Bear Hunting Opportunities Could Expand in New Jersey

Photo Courtesy of Echo Valley Ranch, Flickr.com

Hunters in New Jersey may get additional opportunities to harvest a black bear after a state council approved a plan last week that has the potential to expand hunting areas, implement a longer season, and allow the use of archery equipment.

According to NJ.com, the proposal passed by a unanimous 8 to 0 vote but is now subject to 60 days of public comment and still needs the approval of a state DEP commissioner before it can go into effect. Currently, hunters are allowed to take bears during a short week in December—a time when bears are typically hibernating. The new plan calls for a six-day season in October before bears den, though the state can also add four days to the December season if one-fifth of the total bear population hasn't been harvested by the end of the season.

“This is a responsible plan,” said Dave Chanda, the director of the Division of Fish and Wildlife. “The annual hunting season in the northwestern part of the state has been an important tool in a comprehensive plan designed to control the bear population and reduce conflicts between bears and people.”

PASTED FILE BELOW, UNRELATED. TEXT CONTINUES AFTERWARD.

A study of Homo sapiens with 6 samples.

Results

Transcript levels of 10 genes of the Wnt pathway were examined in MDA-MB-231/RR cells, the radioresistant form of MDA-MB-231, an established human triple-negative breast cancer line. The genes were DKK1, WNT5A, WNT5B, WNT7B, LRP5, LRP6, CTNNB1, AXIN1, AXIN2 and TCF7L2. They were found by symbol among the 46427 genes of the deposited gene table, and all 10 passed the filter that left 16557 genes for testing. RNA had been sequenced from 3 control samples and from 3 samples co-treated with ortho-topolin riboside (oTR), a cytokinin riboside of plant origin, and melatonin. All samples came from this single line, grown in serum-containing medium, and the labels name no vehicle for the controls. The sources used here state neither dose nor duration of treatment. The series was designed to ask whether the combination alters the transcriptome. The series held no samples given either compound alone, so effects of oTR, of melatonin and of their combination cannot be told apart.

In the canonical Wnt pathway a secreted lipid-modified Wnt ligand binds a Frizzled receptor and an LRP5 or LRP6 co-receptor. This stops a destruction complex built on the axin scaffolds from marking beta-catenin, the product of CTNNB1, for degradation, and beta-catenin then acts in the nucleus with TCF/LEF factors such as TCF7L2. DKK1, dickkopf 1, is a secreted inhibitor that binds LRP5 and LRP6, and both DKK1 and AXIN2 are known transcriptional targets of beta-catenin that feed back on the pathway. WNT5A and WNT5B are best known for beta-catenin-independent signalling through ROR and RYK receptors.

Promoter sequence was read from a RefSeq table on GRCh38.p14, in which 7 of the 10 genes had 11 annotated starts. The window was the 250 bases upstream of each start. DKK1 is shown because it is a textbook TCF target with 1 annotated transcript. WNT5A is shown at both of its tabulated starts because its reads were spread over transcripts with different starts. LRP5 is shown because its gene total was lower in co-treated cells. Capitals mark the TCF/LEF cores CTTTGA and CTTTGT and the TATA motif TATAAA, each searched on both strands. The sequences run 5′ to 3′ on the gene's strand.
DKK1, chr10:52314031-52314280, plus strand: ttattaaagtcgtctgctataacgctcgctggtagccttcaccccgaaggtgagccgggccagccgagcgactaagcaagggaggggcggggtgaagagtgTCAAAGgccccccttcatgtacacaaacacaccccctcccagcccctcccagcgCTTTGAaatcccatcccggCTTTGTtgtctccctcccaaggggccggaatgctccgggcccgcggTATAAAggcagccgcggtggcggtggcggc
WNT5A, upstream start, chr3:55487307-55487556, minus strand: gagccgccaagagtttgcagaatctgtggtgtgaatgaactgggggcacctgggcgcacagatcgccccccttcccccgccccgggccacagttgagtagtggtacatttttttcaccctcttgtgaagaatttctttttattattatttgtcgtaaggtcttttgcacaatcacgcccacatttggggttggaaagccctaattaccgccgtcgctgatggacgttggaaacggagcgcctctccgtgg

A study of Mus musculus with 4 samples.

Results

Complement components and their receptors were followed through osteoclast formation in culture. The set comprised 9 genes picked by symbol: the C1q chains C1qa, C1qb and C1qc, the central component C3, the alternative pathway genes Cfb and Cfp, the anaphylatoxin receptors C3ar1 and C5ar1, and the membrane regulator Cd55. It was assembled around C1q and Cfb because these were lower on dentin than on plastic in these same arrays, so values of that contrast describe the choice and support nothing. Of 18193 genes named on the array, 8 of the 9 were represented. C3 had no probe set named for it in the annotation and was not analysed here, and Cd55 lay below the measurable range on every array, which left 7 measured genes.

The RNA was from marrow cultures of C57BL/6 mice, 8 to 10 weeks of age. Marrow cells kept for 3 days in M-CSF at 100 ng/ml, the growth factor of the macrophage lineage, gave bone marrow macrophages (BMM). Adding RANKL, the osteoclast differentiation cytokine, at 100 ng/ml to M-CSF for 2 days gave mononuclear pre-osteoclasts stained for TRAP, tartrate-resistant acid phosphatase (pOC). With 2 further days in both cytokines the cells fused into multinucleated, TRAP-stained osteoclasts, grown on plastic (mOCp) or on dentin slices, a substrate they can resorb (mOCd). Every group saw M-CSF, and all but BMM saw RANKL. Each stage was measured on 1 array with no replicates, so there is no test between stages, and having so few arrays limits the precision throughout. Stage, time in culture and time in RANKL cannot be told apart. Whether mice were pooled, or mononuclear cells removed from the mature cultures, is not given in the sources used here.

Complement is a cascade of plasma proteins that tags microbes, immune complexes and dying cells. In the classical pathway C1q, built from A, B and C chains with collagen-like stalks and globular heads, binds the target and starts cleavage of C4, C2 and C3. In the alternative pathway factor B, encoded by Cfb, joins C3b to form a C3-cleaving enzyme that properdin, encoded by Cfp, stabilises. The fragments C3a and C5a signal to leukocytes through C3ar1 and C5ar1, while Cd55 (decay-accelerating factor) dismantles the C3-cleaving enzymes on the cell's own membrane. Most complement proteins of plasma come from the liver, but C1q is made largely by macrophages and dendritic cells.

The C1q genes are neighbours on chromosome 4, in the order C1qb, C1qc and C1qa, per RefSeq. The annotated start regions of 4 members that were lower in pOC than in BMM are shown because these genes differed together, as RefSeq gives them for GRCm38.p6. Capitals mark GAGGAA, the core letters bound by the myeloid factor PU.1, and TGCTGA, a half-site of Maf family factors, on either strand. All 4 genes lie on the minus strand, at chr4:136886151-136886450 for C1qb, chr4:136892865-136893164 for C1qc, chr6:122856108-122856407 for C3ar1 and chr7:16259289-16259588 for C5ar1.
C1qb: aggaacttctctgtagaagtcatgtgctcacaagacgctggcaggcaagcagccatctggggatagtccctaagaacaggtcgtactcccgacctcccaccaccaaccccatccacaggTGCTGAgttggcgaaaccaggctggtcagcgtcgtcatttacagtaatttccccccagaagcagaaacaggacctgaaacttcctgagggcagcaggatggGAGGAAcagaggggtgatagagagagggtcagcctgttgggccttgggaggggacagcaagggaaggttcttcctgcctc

Black bears were nearly eradicated from the sate by the 1960s, but have since made a comeback, especially in the northwestern corner of the state. Biologists estimate their numbers to be between 3,500 and 4,000. The population increase was significant enough for the state to allow short hunting seasons in 2003 and 2005 when there weren’t interruptions from anti-hunting and animal activists filing lawsuits.

In 2010, the state passed a five-year management plan that included a one-week hunting season in December, but bear reproduction rates have outpaced the approximately 1,900 bruins harvested since then. Because less-than-hospitable weather conditions during the past few seasons have made it harder for hunters to take to the woods during the short December season, and because bear populations reportedly continue to grow, hunting advocates have requested expanded opportunities.

However, critics question biologist’s population numbers and say there are significantly fewer bears in the state since hunting began in 2010. With reports of aggressive bears increasing rather than decreasing, critics claim the pursuit is about trophies, not management.

“First they said we needed a hunt it was to protect public safety and to get rid of aggressive bears. After five years of a hunt just the opposite has happened,” said Jeff Tittel, director of the Sierra Club's New Jersey chapter. “We have seen aggressive bear incidents go up... and this year is the first time in New Jersey history a person has died from a bear attack.”

Barbara Sachau of Whitehouse Station, New Jersey called the council “sick” for unanimously approving the hunting policy, even though it also includes provisions for bear-conflict education and garbage enforcement to decrease the likelihood of encounters.